Los Angeles homicide Det. John Zambos stood at 101st and Figueroa, peering into a green Chevrolet Suburban with silver rims.
In the driver's seat was a man wearing dark blue work pants, a gray Southpole sweatshirt and a sequined earring. His head was tilted back, mouth ajar. His hands rested palms-up on his knees, as if he had just dropped off to sleep.
Zambos scanned his face: rounded cheeks, like a child's, a stubble of beard. The only visible wound was a tiny hole in the temple. Drops of blood, still wet, glistened on his sweatshirt. A box of takeout food sat on the passenger seat.
It was about 8:30 on Dec. 1, a sunny, cold morning. Knots of people gathered. A breeze flipped the pages of Zambos' notebook, which lay open on the hood of his Buick Century.
Zambos, 47, had nearly come to blows with paramedics when they tried to cover the victim's body with a sheet. Zambos had shooed them away. He was determined to protect fingerprints and any other evidence.
For once, Zambos had been the first on the crime scene. This investigation would be perfect.
Zambos was one of 12 homicide detectives who worked in Watts and surrounding neighborhoods for the Los Angeles Police Department's Southeast Division.
The squad shouldered the highest caseloads in the city, but the killings rarely made the news. Sometimes it seemed to Zambos and his colleagues that if they didn't care, no one would. The less attention their cases got, the more they drove themselves.
Zambos leaned against his car, jiggling a pen in one hand. "One to the temple, another to the body," he snapped into a cellphone. "African American, I bet in his 30s."
On the other end, back at the station, was Det. Sal LaBarbera, his boss. LaBarbera was dark-haired, 45, a Bronx transplant notorious for working around the clock. His cellphone was always on, and he showed up for nearly all of Southeast's homicides, sometimes pulling on a suit at 3 a.m.
LaBarbera yelled to his detectives: "One-o-one and Fig."
Two by two, Zambos' colleagues pulled up in unmarked sedans. LaBarbera strode toward witnesses huddled under the awning of Tam's hamburger stand, determined that none would slip away.
Zambos was the Southeast homicide squad's second-in-command. But he wasn't much of a manager and tended to ignore all but the case in front of him. That left LaBarbera to churn with worries about the unit: how to keep his detectives from burning out? How to recruit more officers to work homicide?
Mostly, LaBarbera worried about unsolved cases.
In a trailer behind the Southeast station, LaBarbera's detectives had built an archive for old cases. Nearly 700 unsolved slayings, some going back to 1978, packed the homemade shelves.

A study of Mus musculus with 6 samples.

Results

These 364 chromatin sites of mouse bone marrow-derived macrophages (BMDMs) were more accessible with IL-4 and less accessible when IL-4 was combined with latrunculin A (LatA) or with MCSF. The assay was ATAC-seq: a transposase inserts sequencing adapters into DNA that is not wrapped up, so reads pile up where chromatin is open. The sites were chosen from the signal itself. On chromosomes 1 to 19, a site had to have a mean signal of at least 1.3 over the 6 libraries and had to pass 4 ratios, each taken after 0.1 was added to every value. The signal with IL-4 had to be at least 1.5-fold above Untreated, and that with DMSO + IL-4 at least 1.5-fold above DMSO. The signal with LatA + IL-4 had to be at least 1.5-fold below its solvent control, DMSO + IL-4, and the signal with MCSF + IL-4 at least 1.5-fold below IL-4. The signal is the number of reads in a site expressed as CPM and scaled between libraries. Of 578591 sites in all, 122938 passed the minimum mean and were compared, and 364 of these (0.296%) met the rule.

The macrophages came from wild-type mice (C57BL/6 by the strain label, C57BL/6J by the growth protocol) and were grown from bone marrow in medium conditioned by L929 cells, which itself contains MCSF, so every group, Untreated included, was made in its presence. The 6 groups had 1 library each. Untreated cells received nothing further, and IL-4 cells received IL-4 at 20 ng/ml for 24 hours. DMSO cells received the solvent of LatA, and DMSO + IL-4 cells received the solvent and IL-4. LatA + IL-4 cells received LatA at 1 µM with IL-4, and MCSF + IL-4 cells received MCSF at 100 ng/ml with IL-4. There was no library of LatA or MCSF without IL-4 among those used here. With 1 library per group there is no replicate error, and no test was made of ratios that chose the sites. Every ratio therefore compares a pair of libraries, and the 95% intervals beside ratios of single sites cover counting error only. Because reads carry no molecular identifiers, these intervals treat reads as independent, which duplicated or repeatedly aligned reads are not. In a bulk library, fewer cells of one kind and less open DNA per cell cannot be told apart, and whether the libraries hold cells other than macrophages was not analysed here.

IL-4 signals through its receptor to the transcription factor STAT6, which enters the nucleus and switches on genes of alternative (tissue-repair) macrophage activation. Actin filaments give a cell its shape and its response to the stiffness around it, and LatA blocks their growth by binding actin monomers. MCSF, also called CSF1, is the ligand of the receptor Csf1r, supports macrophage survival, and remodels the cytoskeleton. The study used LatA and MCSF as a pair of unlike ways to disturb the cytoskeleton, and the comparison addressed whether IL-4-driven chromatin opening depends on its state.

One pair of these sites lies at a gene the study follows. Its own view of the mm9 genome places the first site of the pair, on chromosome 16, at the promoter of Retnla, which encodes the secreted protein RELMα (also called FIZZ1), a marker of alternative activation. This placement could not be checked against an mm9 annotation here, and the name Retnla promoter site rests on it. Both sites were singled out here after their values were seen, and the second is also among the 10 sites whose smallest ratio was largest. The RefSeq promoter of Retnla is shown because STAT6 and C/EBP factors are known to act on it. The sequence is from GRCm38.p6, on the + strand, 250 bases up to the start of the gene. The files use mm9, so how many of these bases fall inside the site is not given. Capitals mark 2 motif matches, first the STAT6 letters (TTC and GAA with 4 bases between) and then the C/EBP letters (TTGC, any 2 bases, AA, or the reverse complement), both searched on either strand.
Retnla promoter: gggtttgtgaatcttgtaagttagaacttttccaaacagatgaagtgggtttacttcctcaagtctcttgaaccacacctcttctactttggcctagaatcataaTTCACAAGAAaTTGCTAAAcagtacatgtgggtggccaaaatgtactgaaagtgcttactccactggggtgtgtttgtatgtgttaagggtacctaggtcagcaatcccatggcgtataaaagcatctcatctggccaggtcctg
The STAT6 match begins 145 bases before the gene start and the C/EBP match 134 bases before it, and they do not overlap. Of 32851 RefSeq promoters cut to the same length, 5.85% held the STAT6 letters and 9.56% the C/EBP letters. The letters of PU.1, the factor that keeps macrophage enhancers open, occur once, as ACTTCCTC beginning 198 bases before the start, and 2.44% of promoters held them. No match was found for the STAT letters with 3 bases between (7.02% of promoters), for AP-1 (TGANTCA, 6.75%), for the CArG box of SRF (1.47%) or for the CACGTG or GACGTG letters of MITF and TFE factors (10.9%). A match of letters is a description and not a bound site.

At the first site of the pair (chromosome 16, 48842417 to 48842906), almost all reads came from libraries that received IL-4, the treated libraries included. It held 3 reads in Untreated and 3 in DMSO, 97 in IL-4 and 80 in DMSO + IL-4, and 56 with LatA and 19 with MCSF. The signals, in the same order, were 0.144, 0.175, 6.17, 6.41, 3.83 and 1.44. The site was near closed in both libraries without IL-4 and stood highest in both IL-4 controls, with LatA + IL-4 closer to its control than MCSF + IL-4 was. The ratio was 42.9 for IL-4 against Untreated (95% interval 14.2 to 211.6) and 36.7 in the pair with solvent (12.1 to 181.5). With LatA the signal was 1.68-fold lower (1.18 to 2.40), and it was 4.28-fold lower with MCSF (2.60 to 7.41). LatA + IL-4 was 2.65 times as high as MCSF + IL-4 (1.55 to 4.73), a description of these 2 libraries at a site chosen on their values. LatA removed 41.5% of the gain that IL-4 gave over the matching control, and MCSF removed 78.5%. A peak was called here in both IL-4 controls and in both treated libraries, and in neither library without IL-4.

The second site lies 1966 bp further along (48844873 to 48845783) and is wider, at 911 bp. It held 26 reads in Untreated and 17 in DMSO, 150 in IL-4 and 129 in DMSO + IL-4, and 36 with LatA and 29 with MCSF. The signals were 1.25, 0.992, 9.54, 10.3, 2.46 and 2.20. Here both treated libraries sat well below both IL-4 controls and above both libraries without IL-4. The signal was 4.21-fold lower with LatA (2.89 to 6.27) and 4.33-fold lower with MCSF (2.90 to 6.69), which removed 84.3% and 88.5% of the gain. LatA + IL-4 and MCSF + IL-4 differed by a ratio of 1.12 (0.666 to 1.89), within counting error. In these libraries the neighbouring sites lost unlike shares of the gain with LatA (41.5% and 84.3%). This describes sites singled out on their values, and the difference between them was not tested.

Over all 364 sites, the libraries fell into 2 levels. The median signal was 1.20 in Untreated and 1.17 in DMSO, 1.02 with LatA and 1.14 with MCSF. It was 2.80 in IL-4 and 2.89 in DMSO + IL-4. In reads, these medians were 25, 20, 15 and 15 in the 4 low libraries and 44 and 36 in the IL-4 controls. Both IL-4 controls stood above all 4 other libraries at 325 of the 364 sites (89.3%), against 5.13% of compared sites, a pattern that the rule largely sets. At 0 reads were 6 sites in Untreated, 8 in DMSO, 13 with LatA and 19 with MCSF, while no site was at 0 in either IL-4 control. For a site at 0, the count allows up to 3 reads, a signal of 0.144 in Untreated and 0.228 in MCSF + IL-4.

The trailer haunted LaBarbera -- 700 grieving families, the killers still loose.
Now, at the scene of Southeast's 71st homicide of the year, he leaned against a car, reading interview cards filled out by uniformed officers. Each had a hastily scribbled name and address.
At 9:43 a.m., a coroner's van arrived. "Any suspect info?" a coroner's investigator asked.
"Male black," LaBarbera answered dryly.
Someone guffawed. "Well, that narrows it down," one of the coroner's men said.
An investigator put on gloves and dabbed gunpowder residue from the dead man's hands. As he worked, a cellphone rang. His eyes traveled over the victim's body before finding it in his clothes.
"Anyone want this cellphone?" he called out to detectives.
The sun was higher now. At Tam's, people lined up again for breakfast.
LaBarbera tapped his watch. "We want to keep things moving," he said.
This killing would not end up unsolved in the trailer.
The detectives regrouped back at the Southeast station, a two-story brick building east of the Harbor Freeway known as "108th Street" for its location at 108th and Main streets.
LaBarbera's homicide squad -- eight detectives and three trainees -- worked at the far end of a large windowless office on the ground floor.
The station had been renovated that fall. Gone were the wooden desks and cork bulletin boards. The new look was corporate: glass desk coverings and cubicles.
LaBarbera hated it. The waist-high partitions between desks made it harder for detectives to talk. Worse, the remodeling did not include an interrogation room with taping equipment and a one-way window.
Detectives had to interview people in storerooms, at their desks or in a small windowless office with bad acoustics.
The LAPD had some of the most advanced equipment in the world. But detectives fought over scarce cars and computers, and paid for their own cellphones and tape recorders. They tried to fool suspects into thinking they could enhance video footage from security cameras, like in the movies, or perform rapid DNA tests. The truth was they often waited months for results.
Unlike LaBarbera, Zambos loved the new office because it was clean. He kept nagging everyone to keep it tidy. Passing around a Windex bottle, he would declare, "A clean squad room is a happy squad room."